The Broadcasting Commission of Jamaica has banned all music and television broadcasts that it has determined glorify or promote violence, use of drugs, scamming, weapons, and criminal activity. According to the Jamaican government regulatory authority, its ban is designed to reduce material that “could give the wrong impression that criminality is an accepted feature of Jamaican culture and society.” This includes programming that includes “urban slang” associated with making money or acquiring wealth. The ban states that channels should avoid any urban slang terms that refer in any way to making money, wire transfers, lavish lifestyles, or getting rich. Some of the words and phrases specifically banned include “bank/foreign account,” “food,” “wallet,” “purse,” “burner phone,” and “client.”
The move has been strongly criticized by Jamaican artists who say it will not be effective in stopping crime and will remove the populations most impacted by rising gun violence from any conversation about the issue.
According to Jamaican music producer and singer Stephen McGregor, a Grammy award winner known professionally as Di GENIUS, the music banned by the Broadcasting Commission reflects what is really happening in the country. “Art imitates life,” he said, noting that regulators are trying to eliminate it because it does not mesh with what they believe the “moral mold” of Jamaica should look like. McGregor and other artists view the ban as a matter of free speech and believe that if the government really wanted to stop the violence it would address its root causes, including the economic crisis resulting from the COVID-19 pandemic that has had a negative effect on the country.
The Broadcasting Commission of Jamaica implemented the ban following efforts by authorities to put an end to the nation’s high levels of gun violence. In 2021, research by Insight Crime found that Jamaica had the highest murder rate among the countries of Latin America and the Caribbean. The Commission stated that the music and videos now banned from public broadcasts normalized criminality “among vulnerable and impressionable youth,” McGregor noted that the ban would have a minimal practical effect on young people as most use the streaming platforms like YouTube and Spotify to get their media.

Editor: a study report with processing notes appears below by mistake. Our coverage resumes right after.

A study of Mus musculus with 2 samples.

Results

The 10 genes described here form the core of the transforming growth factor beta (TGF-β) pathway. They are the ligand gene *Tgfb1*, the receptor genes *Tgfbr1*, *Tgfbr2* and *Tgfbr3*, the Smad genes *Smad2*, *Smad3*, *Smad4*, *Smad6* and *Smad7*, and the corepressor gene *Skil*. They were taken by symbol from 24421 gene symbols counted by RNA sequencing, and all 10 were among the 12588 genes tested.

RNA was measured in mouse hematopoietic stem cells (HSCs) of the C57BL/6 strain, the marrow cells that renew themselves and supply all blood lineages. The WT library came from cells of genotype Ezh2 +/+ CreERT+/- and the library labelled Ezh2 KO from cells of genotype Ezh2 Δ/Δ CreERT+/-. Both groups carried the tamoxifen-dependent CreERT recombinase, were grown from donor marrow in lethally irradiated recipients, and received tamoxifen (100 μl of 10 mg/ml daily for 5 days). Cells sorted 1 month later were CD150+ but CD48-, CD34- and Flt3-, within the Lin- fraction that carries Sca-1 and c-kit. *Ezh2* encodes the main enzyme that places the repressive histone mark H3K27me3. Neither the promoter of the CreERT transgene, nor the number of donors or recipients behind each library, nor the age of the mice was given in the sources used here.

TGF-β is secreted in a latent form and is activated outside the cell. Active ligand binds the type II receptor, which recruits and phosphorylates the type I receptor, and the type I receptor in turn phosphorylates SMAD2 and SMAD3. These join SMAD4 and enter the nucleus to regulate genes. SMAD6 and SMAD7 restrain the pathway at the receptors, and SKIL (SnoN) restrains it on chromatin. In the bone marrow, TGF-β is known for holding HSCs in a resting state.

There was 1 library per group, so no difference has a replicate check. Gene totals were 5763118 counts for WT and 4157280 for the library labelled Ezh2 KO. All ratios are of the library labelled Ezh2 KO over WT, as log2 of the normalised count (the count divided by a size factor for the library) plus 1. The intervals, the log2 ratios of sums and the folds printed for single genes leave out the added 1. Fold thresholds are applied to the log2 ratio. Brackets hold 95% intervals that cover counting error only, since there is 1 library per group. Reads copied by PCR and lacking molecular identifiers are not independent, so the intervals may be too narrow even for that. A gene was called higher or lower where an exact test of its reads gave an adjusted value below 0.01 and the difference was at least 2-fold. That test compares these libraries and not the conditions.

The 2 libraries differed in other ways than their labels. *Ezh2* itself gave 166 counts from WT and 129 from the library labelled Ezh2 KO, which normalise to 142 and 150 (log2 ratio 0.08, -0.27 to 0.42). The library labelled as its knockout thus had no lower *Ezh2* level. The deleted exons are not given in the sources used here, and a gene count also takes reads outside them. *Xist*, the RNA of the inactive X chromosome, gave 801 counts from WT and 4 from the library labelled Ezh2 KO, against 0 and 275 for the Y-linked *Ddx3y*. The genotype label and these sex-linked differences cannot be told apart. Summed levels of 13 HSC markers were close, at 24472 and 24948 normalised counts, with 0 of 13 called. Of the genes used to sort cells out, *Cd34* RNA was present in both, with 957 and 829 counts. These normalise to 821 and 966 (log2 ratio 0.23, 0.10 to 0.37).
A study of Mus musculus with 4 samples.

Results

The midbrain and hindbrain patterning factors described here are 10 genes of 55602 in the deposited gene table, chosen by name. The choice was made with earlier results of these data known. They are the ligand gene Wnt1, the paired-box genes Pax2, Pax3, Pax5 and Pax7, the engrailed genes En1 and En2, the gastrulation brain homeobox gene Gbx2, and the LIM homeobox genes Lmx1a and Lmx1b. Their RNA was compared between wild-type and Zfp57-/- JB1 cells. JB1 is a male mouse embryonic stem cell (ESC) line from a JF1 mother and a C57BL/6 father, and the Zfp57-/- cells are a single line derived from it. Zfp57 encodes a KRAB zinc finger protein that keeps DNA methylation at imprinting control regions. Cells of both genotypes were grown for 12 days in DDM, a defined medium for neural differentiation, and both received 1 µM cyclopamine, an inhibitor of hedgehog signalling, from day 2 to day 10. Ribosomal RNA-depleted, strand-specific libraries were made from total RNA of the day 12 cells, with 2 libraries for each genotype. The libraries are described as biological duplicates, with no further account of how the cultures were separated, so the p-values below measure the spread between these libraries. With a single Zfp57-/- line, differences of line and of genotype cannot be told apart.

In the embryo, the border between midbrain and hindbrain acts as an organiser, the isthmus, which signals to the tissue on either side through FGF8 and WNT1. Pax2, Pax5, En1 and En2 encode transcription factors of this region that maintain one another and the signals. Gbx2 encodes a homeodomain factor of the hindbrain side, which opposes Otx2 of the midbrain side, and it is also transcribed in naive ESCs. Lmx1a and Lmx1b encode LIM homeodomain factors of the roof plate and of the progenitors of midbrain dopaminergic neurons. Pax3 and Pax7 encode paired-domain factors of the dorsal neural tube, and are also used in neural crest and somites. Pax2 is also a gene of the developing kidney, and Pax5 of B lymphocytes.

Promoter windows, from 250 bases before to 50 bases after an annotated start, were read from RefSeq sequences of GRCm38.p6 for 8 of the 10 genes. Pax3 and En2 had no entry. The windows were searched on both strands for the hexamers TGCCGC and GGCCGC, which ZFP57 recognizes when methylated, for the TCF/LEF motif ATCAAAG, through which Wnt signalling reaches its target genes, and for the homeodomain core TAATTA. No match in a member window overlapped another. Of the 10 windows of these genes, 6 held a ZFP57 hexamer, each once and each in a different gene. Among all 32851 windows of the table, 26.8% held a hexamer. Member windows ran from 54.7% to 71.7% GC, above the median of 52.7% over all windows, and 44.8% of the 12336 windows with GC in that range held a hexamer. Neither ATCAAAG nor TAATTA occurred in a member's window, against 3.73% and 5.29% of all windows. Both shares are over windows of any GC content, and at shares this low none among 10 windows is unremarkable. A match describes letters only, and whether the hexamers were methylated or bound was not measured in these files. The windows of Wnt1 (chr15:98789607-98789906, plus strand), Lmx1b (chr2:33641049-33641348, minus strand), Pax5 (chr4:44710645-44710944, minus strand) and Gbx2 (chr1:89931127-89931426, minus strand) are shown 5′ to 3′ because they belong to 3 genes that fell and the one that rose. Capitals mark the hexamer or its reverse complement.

The Commission has provided no details concerning the what consequences would accrue to those violating the ban and also did not respond to requests for comment on criticism directed against the ban. It did ask the public to report any alleged violations, however.
Jamaica has imposed similar bans in the past, most recently in 2009, and McGregor said that his music has been banned from broadcast in the country throughout his career due to its mentions of guns and sex, but the restrictions did not last.
McGregor, who believes the ban is a way for the government to use artists as scapegoats for its own large failures to address endemic problems and discontent. He said artists cannot be forced to create a happy “feel good” picture of the country when that situation is not a reality. He has been joined in his criticism of the ban by other Jamaican artists including Rvssian, NotNice, and Romeich who have all criticized the measure on social media.